How to Have a Greener, Healthier Home

green spray bottle with recycle symbolJust about everyone is looking for ways to live healthier these days. From diet, to exercise, to even how we clean our homes, there is desire among consumers to choose healthier, safer products and food for our families.

But, your home might not be the safe haven you think it is. Did you know there are things within your home, beyond those potato chips you have stashed in your cabinets, which may not be good for you or your family’s health?

So where do these health hazards and potential toxins hide? Here are a few places to look and what to do to make your house healthier:

  1. The air you breathe: If you smoke in your home, this is a no-brainer. Choose not to smoke in your home and do not permit others to do so. Choose to smoke outside, if you must smoke. Moving to another room or opening a window is not enough to protect your children. Also think about air quality. Many of the products believed to improve the look and scent of homes can actually harm the people who are living there. When we use harsh chemicals to clean, it can release toxic vapors into the air. On the flip side, not cleaning your home well, especially moist surfaces, can lead to the growth of harmful bacteria and mold, which is also harmful to breathe in. It is best to shop around for an all-natural product made for cleaning-or you can create a mixture of your own with vinegar and water. Clean with ventilation in the room. Look for alternatives to pesticides and any other household chemicals. If you must use them, always read the label and follow directions exactly. Always store them in high locked cabinets and in their original containers.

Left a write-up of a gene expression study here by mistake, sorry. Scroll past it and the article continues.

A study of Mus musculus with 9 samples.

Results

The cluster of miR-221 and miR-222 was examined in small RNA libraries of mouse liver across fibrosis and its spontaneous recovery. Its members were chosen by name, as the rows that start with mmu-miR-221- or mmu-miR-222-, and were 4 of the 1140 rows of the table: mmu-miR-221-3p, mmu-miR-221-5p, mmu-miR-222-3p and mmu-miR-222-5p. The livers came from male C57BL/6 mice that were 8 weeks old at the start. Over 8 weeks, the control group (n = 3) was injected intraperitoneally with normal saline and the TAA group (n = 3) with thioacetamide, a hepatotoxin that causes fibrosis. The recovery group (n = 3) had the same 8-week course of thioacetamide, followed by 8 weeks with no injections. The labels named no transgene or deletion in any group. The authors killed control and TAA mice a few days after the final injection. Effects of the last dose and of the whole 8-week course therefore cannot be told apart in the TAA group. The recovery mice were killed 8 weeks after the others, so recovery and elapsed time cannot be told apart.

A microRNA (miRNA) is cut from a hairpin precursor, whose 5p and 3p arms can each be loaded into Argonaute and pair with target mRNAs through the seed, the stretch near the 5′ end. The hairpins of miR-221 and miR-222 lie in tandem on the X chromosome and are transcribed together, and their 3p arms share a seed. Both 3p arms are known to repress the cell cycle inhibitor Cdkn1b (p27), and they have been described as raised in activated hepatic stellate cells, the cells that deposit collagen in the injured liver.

2. Carbon monoxide: There should be at least one carbon monoxide detector on every floor of the home. Have your furnace cleaned and serviced once per year and check that all potential sources of carbon monoxide, such as space heaters and wood stoves, are well-vented and in proper working order. Never idle the car or lawnmower in the garage.

  3. Water essentials: Know the quality of your drinking water. If you have a private drinking water well, test it periodically.

  4. Lead potential: Avoid potential sources of lead. If your home was built before 1978, have your home tested for lead paint. Removal needs to be handled by a professional. Also, keep dirt outside, by removing shoes at the door. Wash your hands to keep dirt that might be contaminated with lead off you and your kids.

  5. Glues, fragrance and anything ending in “cide”: Any artificial fragrances for the air, dryer sheets, and even certain glues used to install new carpeting can release chemical that are potentially unhealthy into the air or skin. Read labels, avoid any chemical additives that end in “cide” (a long lasting chemical product), and ask about environmentally safe products for any home renovations you have planned.

Your home should be a safe haven from the world and things that can harm your health. Take the time to consider what you are putting into the air you breathe and what chemicals or toxins could be coming into contact with skin or clothing around your household. There are many chemicals created that have “helped” our lives become easier, but some are not necessarily good for our health.